Final Curtain Call for Tony-Winning ‘Jersey Boys’ at Orleans, Las Vegas


The curtain is unexpectedly descending on off-Strip Broadway favorite, “Jersey Boys,” at the Orleans in Las Vegas. Cast in the backstage light of Frankie Valli and The Four Seasons’ meteoric rise to fame in the 1960s, this Tony-winning musical masterpiece has been serenading Las Vegas audiences since the start of the year. Yet, despite its prestigious history and compelling storyline, it seems the show has remained a well-kept secret, with dwindling crowds marking its final performances. The last round of applause will echo throughout the Orleans theater this Sunday, July 7.

Embellishing a landmark moment in the Orleans Casino’s history, “Jersey Boys” was the inaugural resident production to grace its stage. However, word from the Las Vegas Review-Journal confirms that midweek, producer John Bentham notified the cast and crew of the impending closure. Bentham cited “circumstances beyond our control,” a phrase that insinuates one thing in Sin City: disappointing ticket sales.


“Jersey Boys” initially took to the Broadway stage from 2005 to 2017, enchanting crowds and bagging four Tony Awards, including Best Musical in 2006. Repackaged and rejuvenated, it made its Vegas debut at The Palazzo on May 3, 2008. With audiences flocking to its door, the Jersey Boys Theater, a newly minted venue custom-built for the musical, was regularly sold out until the production’s conclusion on Jan. 1, 2012.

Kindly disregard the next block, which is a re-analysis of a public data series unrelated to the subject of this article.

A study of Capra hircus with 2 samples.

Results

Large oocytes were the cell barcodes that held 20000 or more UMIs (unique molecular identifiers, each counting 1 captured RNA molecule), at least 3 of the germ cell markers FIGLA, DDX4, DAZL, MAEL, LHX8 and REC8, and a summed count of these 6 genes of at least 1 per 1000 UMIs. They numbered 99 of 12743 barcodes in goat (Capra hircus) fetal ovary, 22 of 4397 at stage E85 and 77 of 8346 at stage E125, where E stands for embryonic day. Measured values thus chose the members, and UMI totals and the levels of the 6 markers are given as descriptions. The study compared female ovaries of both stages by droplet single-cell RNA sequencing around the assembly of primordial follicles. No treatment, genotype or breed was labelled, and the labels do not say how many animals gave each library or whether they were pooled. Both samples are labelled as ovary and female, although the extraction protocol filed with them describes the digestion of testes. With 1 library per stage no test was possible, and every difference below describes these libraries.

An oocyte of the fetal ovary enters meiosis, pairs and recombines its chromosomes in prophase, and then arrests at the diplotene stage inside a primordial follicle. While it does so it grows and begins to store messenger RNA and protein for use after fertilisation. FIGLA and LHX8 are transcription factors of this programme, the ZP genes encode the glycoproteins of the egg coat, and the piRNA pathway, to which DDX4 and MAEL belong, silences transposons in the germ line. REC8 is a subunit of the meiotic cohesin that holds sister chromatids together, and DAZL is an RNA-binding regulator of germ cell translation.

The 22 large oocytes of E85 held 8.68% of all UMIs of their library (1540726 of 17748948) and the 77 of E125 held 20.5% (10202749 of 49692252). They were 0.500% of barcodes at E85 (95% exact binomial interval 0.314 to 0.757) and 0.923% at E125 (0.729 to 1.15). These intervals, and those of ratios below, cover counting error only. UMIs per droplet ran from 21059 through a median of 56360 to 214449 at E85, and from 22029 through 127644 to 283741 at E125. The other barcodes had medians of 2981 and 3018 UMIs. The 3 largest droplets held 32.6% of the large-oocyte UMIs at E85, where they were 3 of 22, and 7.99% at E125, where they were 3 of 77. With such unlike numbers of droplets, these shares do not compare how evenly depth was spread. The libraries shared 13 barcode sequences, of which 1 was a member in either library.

In a strategic move, the Vegas production downsized from 1,600 seats to 1,100 and relocated to Le Theatre des Arts at Paris Las Vegas on March 5. This stint eventually became the longest-running show at the gambling resort, spanning an impressive four years, further cementing the musical’s staying power.

However, this year ushered in new challenges for the “Jersey Boys.” While making history again as the first resident production at the Orleans Showroom in the casino hotel’s 28-year history, the production felt the bounds of the venue’s capacity, which only accommodates 850. Amplifying the strain, Red Mercury, the show’s consulting company and co-producer, pulled out of the production after sinking $600,000-$700,000 into it, a mere two days before the dire news of the closure was announced.

Earlier this week, Bentham had optimistically reported that the cast and crew of “Jersey Boys” were committed for another six months. But, as the theater world knows all too well, the show must go on, even when that means a final curtain call.